Here’s a brief post that draws on my article for the monthly Chatter (church newsletter) for Felton Bible Church. It pertains to our study through the Gospel of Luke:
As we’ve worked through the first two chapters of Luke, I’m struck by the multiplicity of persons and stories with whom Luke engages. So far, we’ve seen this gospel writer in conversation with Zechariah, Elizabeth, Mary, unnamed shepherds, Simeon, and Anna. In actuality, we can’t know just how many witnesses Luke personally interviewed, or whose testimony he heard told, in order to compile his “orderly account.” Undoubtedly, Luke was a skilled investigator and reporter. This observation suggests to my mind a few things worth mentioning:
1) Notice how no one person had the full picture of Jesus’ arrival, including as it pertained to the birth of his forerunner, John the Baptist. Knowing the whole story of God’s work and ways required his people to be together, to talk, to interact, to share, and to story-tell. No wonder the author of Hebrews exhorts us to not neglect meeting together (Hebrews 10:25)!
2) The reality of many witnesses ought to encourage us as to the veracity of what we read in Luke’s Gospel. If Luke was fabricating his account, there were, even in his day, plenty of others to cry “foul!” What we read in this gospel is one truth told through the perspective of many witnesses.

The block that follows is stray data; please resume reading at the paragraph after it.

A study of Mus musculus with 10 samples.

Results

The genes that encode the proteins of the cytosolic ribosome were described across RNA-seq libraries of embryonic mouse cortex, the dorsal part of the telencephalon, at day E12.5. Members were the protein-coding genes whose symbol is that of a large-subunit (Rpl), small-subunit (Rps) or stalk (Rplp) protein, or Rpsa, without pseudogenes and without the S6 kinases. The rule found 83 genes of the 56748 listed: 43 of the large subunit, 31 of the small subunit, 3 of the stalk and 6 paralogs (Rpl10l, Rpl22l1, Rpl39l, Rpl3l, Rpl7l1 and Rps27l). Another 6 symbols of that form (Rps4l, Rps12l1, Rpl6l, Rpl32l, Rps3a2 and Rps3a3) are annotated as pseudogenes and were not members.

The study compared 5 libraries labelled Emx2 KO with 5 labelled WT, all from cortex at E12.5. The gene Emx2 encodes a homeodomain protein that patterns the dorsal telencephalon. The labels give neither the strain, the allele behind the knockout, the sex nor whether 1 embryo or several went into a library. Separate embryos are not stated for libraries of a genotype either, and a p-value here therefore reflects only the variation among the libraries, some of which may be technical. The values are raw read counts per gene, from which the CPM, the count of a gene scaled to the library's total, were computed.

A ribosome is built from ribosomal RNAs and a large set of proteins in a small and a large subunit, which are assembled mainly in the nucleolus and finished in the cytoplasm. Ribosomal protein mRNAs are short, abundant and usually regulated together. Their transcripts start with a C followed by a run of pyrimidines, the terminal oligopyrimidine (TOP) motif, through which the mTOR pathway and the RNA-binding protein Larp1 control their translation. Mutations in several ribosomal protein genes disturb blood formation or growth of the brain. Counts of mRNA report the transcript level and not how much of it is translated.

3) The pattern of many witnesses ought to make us cautious, if not downright skeptical, of single-source eyewitness accounts, especially when those accounts do not otherwise comport with God’s revealed truth. For instance, why should we strongly reject the claims made by Joseph Smith about his experience of visions with the Father, the Son, and an angel named Moroni? Well, we reject them in part because the only witness to these events was Smith himself, and what he experienced and taught contradicts Scripture. The same can be said about the experience of Muhammed regarding his alleged reception of the Quran through various revelations from God. This does not mean that every single-source account is suspect, but it certainly means that God’s Word forms the first standard against which we judge any claim of a vision or word from the Lord.
4) The pattern we see in Luke of multiple witnesses – i.e. no one person had the full story – suggests to us that God continues to work in the same manner today. Do you want to know what God is up to in this world? Then talk with your brothers and sisters in Christ. Read their stories, especially the stories of those from a different culture or geographic location. Consider how the experience of the church around you reflects the truth of Scripture. It is absolutely essential that the body of Christ be in conversation with one another. May our conversations range far and wide as God gives us opportunity to know Jesus’ church in many locales.